A Healthy Team Benefits the Bottom Line

Magazine ,

When we bring out the best in our individual staff members, the entire team shines — including leaders. A quick search for “How to bring out the best in your team” yields 1.4 billion results in less than a minute, offering countless suggestions: Identify each team member’s strengths and knowledge. Establish clear goals and then let your team members determine how to achieve them. Put yourself in their shoes, and really listen. Be generous with recognition of goals met and a job well done. The list goes on and on.

But when a member of your team is ill, no form of leadership is going to bring out his or her best. Maslow’s Hierarchy of Needs — a common element of the study of psychology — builds the bottom of the pyramid with physical needs (food, water, rest, safety), which must be met first, followed by psychological needs, such as a sense of belonging and feelings of accomplishment. Anything we do to challenge, encourage, and reward our team members will be less effective if the base of the hierarchy is weak.

I’ve been thinking a great deal about the importance of wellness in the workplace since I found myself fighting a summer cold. Like many of us, I pushed on through my illness. I came to work, met my deadlines, led meetings, and kept my team on track as we worked together toward our signature event, the FAA Annual Conference & Trade Show.

Still, I wasn’t at my best. Now that I’m feeling great, I’m taking steps toward workplace wellness.

As executive coach Victor Snyder writes in Forbes, “Team wellness has been shown to improve a business’ bottom line. Employees who lead healthier lifestyles will present fewer instances of absenteeism, higher morale, and increased productivity.”


  • If you make snacks available in your office, be sure at least some of the options are healthy. Instead of bringing in doughnuts for a morning meeting, opt for fresh fruit and protein bars.
  • Discourage employees from eating lunch “al desko.” In fact, encourage them not just to get up from their desks at breaks and lunchtime, but to actually get out of the building and take a walk (taking turns if needed so as not to leave phones unanswered).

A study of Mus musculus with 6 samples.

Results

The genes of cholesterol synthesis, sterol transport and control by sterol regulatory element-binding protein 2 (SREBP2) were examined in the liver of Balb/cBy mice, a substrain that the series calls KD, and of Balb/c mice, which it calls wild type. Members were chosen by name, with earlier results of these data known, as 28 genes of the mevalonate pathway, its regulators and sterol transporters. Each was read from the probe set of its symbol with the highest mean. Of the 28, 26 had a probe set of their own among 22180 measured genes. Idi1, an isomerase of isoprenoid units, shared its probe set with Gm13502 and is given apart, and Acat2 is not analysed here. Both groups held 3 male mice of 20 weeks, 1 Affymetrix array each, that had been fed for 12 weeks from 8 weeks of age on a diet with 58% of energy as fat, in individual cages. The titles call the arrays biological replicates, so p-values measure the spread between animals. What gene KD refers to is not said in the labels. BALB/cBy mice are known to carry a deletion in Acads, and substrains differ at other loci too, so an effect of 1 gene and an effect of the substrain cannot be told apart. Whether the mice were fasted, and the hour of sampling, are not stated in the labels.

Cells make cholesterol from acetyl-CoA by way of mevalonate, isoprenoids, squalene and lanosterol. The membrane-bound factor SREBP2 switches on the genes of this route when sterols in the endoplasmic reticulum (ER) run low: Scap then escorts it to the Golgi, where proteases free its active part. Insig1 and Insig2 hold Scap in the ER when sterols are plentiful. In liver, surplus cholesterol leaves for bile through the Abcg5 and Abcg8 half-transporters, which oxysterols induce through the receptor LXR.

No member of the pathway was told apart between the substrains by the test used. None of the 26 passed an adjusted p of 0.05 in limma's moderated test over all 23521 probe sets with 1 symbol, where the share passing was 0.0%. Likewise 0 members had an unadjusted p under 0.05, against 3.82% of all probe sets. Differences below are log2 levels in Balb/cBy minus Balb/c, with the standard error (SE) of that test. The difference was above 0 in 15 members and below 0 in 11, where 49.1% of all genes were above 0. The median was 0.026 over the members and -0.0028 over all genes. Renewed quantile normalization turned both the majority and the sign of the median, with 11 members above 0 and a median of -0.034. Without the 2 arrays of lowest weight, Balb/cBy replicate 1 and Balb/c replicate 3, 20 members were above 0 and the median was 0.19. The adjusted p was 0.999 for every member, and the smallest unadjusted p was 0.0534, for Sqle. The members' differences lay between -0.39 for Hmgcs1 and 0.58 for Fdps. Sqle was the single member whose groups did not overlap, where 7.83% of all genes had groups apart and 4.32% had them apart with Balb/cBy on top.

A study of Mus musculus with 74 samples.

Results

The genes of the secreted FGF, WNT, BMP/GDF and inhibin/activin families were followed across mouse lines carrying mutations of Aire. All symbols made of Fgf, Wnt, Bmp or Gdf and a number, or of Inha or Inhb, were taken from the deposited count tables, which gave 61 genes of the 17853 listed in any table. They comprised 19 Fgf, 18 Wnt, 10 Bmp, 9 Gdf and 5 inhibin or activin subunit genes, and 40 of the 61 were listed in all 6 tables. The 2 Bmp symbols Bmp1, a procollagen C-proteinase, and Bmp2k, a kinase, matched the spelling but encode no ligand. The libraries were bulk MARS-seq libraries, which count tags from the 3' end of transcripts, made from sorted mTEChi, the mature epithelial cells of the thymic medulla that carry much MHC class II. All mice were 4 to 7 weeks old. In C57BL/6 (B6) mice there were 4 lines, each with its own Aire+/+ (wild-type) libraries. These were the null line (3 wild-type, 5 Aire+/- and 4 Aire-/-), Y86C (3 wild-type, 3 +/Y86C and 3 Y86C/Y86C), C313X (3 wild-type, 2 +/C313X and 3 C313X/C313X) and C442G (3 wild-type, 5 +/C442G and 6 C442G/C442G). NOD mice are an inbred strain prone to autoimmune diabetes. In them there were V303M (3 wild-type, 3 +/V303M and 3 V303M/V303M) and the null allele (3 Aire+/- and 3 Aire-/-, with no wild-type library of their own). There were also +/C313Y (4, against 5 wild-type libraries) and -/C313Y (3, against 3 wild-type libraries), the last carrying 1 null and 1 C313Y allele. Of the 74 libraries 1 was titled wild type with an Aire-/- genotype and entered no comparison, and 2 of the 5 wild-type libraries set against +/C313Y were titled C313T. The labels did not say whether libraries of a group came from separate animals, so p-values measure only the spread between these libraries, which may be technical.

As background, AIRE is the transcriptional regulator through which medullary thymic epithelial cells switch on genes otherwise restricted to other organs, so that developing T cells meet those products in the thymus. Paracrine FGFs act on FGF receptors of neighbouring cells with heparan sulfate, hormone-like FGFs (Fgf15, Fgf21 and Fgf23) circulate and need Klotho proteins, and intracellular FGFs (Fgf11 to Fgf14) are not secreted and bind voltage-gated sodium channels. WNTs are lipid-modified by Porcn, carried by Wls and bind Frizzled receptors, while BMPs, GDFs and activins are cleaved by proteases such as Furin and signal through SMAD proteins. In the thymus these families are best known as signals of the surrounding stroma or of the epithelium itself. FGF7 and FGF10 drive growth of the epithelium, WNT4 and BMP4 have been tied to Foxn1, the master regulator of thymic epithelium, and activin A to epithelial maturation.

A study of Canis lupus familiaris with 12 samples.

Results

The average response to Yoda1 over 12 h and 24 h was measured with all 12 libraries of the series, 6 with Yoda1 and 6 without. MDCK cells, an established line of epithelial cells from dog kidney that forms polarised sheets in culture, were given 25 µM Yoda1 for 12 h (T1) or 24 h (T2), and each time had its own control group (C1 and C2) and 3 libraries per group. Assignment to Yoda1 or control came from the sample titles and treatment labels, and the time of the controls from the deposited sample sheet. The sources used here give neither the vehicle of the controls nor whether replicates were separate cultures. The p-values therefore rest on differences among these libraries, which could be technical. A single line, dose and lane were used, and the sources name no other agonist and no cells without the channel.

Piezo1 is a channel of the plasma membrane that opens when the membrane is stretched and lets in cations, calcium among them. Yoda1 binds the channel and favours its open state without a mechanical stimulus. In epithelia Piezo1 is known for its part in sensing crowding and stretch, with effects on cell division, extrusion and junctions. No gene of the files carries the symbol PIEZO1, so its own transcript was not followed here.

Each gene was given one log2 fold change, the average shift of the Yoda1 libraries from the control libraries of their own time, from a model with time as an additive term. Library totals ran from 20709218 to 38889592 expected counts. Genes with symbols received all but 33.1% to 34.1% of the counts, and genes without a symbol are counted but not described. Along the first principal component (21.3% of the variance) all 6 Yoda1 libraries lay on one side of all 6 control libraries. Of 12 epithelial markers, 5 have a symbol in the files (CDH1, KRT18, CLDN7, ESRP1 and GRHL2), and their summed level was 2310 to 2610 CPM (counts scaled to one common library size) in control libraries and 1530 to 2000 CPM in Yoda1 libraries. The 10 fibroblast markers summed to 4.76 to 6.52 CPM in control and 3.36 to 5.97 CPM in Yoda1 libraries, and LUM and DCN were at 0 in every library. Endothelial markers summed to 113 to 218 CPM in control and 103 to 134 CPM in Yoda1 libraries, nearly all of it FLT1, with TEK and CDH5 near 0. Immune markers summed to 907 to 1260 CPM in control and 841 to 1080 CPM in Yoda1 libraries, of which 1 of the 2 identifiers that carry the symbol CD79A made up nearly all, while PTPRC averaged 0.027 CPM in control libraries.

Enforce a policy that sick employees should make use of the sick time available to them. Several recent studies have found that more than half of American workers admit to going to work sick — even when they have a highly contagious illness such as the flu. Reassure team members that there will not be repercussions for appropriately using sick time, and adjust work flow among the team so the sick employee will not fall too far behind.


  • Is it a given that “work is stressful”? It doesn’t have to be. Sure, there will always be peak times when demands increase, hours get longer, and employees turn to sugar and caffeine to keep going. But if employees are feeling overwhelmed and anxious on a regular basis, ask yourself whether there are things you can do differently.
  • Involve team members in solutions, and in decision-making overall. A lack of autonomy or control has been blamed for an increase in stress-related ailments, such as heart disease and depression. Encourage team-based problem-solving.


  • Inform team members about available resources, such as a confidential employee assistance program (EAP) or programs available in the community.
  • Assure employees that there is no stigma in taking care of themselves, and that includes seeking help with depression, anxiety, or other mental or emotional ailments.

In Inc. magazine, executive Susan Steinbrecher reports, “Studies show that even in market downturns, caring, health-promoting employers sustain the same level of performance as in periods of growth. This and other research points to the importance of balancing supportive management with health promotion and self-care.”

Workplace wellness may seem simple, but it’s important. Encourage your team members to take care of themselves so they can take care of business.